Forest Investment Account (FIA) - Forest Science Program
FIA Project Y073151

    Does logging elevated ultraviolet radiation exposure of streams impact juvenile coho?
Project lead: Bothwell, Max
Contributing Authors: Bothwell, Max L.; Lynch, Donovan R.
Imprint: Nanaimo, B.C. : Environment Canada, 2007
Subject: Forest Investment Account (FIA), Riparian Areas, British Columbia, Management, Ultraviolet Radiation, Environmental Aspects, Fish habitat, Coho salmon
Series: Forest Investment Account (FIA) - Forest Science Program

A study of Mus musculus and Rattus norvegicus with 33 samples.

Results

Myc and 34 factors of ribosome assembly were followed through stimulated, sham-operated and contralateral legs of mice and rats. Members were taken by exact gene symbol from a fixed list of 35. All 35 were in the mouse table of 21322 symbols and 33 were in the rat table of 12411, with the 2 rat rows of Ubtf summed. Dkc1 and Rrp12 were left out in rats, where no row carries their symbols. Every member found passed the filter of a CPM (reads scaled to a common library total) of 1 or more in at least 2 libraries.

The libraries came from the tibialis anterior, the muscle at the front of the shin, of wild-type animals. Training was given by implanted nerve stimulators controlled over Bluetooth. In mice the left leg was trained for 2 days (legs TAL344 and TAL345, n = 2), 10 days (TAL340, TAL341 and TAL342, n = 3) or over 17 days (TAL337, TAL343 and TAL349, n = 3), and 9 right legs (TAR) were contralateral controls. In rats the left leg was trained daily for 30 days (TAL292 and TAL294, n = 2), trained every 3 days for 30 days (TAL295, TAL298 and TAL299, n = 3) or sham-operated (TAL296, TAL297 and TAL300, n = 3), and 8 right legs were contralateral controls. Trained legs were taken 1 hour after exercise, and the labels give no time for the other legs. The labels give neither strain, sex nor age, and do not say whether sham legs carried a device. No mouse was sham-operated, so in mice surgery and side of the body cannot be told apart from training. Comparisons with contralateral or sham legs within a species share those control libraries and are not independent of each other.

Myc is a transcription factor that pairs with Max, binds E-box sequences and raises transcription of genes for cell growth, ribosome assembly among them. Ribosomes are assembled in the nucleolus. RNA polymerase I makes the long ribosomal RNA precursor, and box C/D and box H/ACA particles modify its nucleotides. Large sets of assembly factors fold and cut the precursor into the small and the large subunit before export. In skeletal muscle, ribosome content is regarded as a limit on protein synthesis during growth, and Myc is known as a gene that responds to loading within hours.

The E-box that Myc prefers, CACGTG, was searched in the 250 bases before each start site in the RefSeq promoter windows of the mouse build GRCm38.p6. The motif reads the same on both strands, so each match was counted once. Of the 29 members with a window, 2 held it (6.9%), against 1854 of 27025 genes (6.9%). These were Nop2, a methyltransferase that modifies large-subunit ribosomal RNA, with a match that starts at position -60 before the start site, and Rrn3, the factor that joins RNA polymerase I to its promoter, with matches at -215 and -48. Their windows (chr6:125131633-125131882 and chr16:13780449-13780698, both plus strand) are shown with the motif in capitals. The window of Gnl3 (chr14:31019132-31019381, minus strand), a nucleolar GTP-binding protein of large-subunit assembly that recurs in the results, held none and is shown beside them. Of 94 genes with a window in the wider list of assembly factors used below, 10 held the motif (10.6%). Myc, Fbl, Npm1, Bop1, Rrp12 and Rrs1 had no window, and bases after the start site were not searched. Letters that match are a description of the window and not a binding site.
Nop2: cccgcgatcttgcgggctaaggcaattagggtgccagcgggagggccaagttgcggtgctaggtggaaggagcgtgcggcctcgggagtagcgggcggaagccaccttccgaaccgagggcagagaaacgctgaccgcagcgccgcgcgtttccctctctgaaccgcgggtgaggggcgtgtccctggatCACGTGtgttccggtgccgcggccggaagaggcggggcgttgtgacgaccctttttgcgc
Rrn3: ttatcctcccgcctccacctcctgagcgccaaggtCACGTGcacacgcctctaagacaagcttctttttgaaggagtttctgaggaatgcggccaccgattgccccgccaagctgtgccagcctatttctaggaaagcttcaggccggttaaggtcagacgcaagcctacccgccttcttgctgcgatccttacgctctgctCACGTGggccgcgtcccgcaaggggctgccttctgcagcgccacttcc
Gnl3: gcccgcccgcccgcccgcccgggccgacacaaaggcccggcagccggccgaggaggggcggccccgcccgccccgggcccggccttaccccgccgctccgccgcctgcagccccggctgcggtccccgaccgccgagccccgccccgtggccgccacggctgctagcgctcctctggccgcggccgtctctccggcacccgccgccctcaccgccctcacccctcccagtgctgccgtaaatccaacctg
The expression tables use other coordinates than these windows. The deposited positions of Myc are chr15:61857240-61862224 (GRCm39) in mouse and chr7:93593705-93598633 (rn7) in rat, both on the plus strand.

Program: Sustainability Theme: Sustainable forest management indicators, targets, and monitoring systems Logging can increase the amount of exposure to solar ultraviolet radiation (UVR) that timberland streams receive both through the thinning of riparian vegetation and by altering the amount of UVR absorbing dissolved organic carbon (DOC) entering streams. Juvenile coho (Oncorhynchus kisutch) are ubiquitous in coastal British Columbia streams and are among the most sensitive fish species to UVR. Studies at the Pacific Biological Station in Nanaimo, BC have documented many direct effects of UVR on juvenile coho such as fin erosion, altered body morphology and incipient cataracts (Bothwell, Holtby and others in prep). While these effects may impact marine survival, they are not easily measured. One exception, however, is the presence of UV-absorbing compounds in the skin (sunscreen substances) which are formed during exposure to UVR. In this project we are developing a bioassay technique for UV exposure of juvenile coho based upon the amount of photo-protective sunscreen compound(s) in their skin. Once the bioassay is calibrated we will be able to determine the amount of UVR exposure of juvenile coho in situ. This technique, applied to diverse stream types and logging scenarios, will allow an assessment of whether or not juvenile coho are subjected to elevated UVR following logging, what logging situations produce greater UVR exposures, and how long UVR impacts might last following logging. Vancouver Island streams with definable gradients of DOC will be used to determine if UVR avoidance behaviour of juvenile coho is effective in preventing excessive exposure following removal of streamside canopy shade. In later stages of this project we will assess how various logging approaches and biogeographic characteristics of watersheds influence the export of DOC and therefore UVR exposure of coho.